More women in India?s banking sector ? What does it mean for gender equality?

A recent report in The Wall Street Journal has revealed that despite India’s issues with women’s rights, more women are rising to top positions in the banking industry. The revelation came after the recent appointment of Zarin Daruwala as chief executive to Standard Charter’s Indian division.

Banking news from Money Bhaskar and other publications reveals that this is an increasingly common occurrence. Other prominent women in the sector include Shikha Sharma, the managing director and CEO of Axis Bank, Chanda Kochhar, the CEO of ICICI Bank, and Arundhati Bhattacharya, the first ever chairwoman of the State Bank of India. More industries are seeing increasing numbers of female board members, including the technology, media, and telecommunications industries.

How has gender equality in India changed?

India has been taking many measures in recent years to introduce gender equality to the workplace, but some could argue that a few women in top positions isn’t enough to bring true equality to a traditionally male dominated industry. Women still make up only seven percent of board positions for publically traded companies while only eleven percent of Indian firms have women participating in ownership. By comparison, Norway, the world leader in workplace gender equality, requires at least 40 percent female board members for publically listed companies. All Nordic countries also have close to 100 percent female literacy. In India, it is 65 percent for women and 82 percent for men, according to the latest census.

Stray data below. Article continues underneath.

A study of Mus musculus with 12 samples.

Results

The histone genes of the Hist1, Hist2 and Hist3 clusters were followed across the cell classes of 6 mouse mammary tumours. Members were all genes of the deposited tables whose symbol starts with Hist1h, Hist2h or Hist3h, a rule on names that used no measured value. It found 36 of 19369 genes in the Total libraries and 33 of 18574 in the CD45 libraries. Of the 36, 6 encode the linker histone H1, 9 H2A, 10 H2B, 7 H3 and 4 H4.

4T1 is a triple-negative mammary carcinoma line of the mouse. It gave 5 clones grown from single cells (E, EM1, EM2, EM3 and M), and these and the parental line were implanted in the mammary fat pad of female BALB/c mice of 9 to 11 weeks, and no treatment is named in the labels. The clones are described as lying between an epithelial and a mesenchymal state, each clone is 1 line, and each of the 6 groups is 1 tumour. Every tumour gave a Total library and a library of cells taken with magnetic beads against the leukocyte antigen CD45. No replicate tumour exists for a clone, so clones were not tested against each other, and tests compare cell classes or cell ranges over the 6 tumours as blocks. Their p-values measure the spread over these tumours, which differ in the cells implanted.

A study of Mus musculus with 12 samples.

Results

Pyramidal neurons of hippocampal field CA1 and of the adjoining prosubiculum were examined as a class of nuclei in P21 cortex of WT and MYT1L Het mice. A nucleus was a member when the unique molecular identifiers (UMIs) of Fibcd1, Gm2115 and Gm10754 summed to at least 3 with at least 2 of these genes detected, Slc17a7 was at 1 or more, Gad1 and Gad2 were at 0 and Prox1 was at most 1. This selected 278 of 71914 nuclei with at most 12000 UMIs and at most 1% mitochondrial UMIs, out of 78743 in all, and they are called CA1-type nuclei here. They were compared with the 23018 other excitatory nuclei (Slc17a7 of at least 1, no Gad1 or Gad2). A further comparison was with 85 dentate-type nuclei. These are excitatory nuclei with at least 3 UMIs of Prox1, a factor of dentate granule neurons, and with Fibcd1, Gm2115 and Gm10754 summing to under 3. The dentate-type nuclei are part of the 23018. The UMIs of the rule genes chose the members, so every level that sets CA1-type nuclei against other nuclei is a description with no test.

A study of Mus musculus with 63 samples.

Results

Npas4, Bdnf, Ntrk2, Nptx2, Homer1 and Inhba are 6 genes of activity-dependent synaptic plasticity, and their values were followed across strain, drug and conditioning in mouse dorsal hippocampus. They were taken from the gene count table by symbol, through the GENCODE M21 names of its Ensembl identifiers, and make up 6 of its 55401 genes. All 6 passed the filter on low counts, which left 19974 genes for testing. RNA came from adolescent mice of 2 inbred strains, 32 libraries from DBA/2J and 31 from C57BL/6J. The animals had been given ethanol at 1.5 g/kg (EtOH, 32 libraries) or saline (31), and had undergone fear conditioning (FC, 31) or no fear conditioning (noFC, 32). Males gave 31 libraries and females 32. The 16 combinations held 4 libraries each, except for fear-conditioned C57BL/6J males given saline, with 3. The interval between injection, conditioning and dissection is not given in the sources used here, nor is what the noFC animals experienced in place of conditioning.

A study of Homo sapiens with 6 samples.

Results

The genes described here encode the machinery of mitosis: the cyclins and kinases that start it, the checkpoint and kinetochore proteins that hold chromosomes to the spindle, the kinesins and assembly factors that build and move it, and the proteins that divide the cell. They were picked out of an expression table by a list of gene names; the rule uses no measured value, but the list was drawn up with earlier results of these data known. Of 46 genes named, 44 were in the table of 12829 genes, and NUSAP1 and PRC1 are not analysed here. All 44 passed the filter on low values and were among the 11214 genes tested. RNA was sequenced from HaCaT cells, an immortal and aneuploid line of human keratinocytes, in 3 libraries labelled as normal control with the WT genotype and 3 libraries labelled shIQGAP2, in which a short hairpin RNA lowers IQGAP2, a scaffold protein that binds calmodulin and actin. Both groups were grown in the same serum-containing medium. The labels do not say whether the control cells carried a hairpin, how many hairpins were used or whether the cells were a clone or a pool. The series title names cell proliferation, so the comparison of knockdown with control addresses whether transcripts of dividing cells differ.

Positive and negative effects

The impact of increasing women’s positions in the workplace could have affects in other areas, such as ending violence against women and allowing more girls to get an education.

It is not only women who benefit from these trends. A report by Forbes says that companies which have more female board members perform better financially and it increases a country’s GDP. Even ‘gross domestic happiness’ increases in countries with a smaller gender wage gap.

However, sexual harassment in the workplace is still a problem, even in western countries, and some argue that allowing women to work puts them in a position to be abused. The same Forbes article says that more women working also means that more children are left home alone, family dynamics are changed, women become stressed, and childcare costs increase.

The trend of women rising to high positions in the banking sector and other industries is a boost for female equality in India with many benefits to be felt down the line. It is yet to be seen how it will affect daily life and society in India and how the country will adjust and change old attitudes.

Feminists understand that gender equality isn’t a quick fix and it is impossible to change an entirely male driven society overnight. The fact that banks are making opportunities available for women and making them want to stay in their jobs, not just in India but around the world, is seen as a positive step forward that other industries can learn from.